From Sea Cadets to Marine Engineering fulfilling her dream to work at sea
Growing up in Marion Bridge, Sea Cadet Kelsie Maclean considered becoming a fishing boat captain like her grandfather, until visiting NSCC’s Nautical Institute in Grade 8. “We got to test drive nautical programs for the day. I remember thinking, I'd rather hold a wrench than look at fog, so that’s how I chose engineering.”
Going to sea is addictive she says, “I can’t imagine working a 9 to 5 job in an office.” Having graduated four years ago from the NSCC Marine Engineering Technology program, she is now a Chief Engineer with Atlantic Towing. “It’s a job that pays very well. I work 6 weeks on and 6 weeks off. That’s a lot of time off to go hunting, fishing, biking (ATV) and spend time with my dogs.”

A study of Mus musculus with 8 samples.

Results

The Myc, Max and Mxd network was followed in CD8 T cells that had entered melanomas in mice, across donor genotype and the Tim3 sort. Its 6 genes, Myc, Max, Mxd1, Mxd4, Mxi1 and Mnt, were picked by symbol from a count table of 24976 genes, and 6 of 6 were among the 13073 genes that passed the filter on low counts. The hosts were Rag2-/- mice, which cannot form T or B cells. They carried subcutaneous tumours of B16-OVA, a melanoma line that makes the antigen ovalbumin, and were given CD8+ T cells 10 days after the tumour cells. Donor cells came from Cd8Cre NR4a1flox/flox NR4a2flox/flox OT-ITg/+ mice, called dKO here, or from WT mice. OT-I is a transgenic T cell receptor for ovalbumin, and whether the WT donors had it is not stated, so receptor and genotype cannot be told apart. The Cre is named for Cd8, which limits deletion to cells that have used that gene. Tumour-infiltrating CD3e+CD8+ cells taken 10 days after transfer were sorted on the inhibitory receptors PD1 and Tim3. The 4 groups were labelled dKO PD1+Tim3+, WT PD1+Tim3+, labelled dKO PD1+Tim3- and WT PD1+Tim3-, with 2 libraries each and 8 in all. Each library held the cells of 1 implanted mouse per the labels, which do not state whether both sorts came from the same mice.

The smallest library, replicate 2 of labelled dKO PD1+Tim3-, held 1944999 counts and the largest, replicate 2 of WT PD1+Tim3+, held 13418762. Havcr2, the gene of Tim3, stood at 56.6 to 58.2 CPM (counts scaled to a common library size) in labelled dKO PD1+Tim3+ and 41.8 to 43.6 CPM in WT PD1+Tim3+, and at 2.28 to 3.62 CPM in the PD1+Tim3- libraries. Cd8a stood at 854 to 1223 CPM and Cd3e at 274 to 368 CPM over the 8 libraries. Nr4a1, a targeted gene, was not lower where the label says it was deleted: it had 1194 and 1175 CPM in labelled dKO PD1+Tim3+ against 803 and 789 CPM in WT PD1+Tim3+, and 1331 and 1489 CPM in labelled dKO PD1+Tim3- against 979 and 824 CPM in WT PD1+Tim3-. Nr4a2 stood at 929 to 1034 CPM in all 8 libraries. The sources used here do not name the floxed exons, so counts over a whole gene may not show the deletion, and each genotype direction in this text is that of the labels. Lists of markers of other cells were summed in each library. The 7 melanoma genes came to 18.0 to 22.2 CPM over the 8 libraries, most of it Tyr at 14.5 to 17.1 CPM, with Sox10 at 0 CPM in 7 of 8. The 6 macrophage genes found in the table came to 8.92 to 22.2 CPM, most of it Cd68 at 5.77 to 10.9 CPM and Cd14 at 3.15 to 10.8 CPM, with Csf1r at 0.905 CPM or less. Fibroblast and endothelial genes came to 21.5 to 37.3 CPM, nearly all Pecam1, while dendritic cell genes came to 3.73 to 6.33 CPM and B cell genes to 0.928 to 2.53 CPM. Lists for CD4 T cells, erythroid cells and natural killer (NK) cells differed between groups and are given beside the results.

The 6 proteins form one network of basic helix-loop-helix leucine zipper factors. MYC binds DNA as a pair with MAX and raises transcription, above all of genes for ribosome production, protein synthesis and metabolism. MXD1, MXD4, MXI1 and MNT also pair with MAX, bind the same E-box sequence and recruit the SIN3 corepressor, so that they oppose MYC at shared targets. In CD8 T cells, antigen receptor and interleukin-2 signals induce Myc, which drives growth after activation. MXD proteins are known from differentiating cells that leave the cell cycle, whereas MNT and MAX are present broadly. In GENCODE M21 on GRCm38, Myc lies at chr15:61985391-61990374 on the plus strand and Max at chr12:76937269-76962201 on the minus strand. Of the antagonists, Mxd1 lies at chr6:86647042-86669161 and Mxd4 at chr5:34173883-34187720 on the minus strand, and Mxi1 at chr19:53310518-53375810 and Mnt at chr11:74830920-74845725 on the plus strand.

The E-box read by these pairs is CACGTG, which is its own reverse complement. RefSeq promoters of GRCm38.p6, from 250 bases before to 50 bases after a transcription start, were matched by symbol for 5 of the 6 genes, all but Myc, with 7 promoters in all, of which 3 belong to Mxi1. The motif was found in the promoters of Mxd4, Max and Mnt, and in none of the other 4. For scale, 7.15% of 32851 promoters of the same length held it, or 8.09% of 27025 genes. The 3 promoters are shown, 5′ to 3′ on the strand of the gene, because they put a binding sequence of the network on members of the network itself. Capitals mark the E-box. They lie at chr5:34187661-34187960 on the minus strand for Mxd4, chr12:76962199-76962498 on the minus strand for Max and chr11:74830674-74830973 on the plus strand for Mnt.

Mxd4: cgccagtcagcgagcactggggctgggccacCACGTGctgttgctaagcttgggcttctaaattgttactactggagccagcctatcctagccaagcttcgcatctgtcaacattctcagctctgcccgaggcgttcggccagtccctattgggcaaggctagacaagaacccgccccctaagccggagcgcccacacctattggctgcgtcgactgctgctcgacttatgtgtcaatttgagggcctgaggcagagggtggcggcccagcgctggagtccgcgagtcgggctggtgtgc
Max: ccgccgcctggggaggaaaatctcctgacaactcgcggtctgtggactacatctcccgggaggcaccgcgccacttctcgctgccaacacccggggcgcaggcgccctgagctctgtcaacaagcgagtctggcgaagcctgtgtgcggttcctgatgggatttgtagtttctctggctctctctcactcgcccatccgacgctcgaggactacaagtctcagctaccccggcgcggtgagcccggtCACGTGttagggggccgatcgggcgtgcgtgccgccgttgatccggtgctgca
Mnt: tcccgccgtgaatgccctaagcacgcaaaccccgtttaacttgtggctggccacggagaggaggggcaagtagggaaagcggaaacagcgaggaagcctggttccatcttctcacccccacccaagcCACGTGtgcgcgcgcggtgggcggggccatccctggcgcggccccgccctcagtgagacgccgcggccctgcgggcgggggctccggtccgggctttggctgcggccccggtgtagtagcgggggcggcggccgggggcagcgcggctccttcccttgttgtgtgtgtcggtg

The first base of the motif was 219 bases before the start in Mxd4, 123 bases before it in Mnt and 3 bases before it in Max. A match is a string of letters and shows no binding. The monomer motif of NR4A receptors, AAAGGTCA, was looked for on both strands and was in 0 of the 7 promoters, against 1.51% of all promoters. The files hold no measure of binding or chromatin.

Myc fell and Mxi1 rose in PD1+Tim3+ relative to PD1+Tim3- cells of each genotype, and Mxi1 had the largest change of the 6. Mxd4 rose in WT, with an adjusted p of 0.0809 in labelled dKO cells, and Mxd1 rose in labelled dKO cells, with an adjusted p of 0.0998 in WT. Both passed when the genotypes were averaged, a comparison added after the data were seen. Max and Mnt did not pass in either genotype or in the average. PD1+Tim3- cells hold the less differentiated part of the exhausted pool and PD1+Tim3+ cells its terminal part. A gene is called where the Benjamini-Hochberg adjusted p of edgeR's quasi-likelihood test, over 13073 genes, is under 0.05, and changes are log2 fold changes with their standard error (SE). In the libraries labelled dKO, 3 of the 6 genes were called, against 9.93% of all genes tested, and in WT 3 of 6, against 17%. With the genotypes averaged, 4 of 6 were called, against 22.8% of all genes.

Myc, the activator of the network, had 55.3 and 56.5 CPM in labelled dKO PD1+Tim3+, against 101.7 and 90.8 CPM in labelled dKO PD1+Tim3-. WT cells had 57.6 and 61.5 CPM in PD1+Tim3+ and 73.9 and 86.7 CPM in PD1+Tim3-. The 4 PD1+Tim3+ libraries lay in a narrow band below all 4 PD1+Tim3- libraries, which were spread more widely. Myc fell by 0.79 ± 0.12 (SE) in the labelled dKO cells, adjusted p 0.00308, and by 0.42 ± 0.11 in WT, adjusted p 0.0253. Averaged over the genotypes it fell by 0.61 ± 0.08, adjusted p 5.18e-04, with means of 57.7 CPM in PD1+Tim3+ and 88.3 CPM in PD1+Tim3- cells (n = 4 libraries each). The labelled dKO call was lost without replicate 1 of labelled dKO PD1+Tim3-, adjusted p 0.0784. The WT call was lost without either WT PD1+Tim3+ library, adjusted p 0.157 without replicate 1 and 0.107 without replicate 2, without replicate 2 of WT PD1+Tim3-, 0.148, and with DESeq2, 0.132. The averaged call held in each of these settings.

Kelsie made headlines last year as part of the first all-female tugboat crew in Canada. “That was a great experience. I’d love to see more women working on ships. There’s lots of jobs available. In fact, I get calls from different companies all the time looking for people,” she says. At just 25 she now owns her own house, truck, and most recently an ATV with all the accessories.
While women represent just 2% of seafarers, Kelsie says she doesn’t mind often being the only woman on board and looks forward to a long career at sea. “I plan to get my 2nd and 1st class tickets to work on larger boats. It’s interesting how much the world relies on this industry. From massive containerships and tankers, to the supply ships going to isolated places like Iqaluit.”
Traveling to Scotland, northern Canada and ports along the east coast is another aspect of the job she loves. “Seeing the Northern Lights was just incredible. I think of mom and how she’s always wanted to see them. I feel so fortunate to experience all these different places.”
Thank you, Kelsie, for sharing your story and photos. Congratulations on your continued success from all of us at the NSCC Nautical Institute!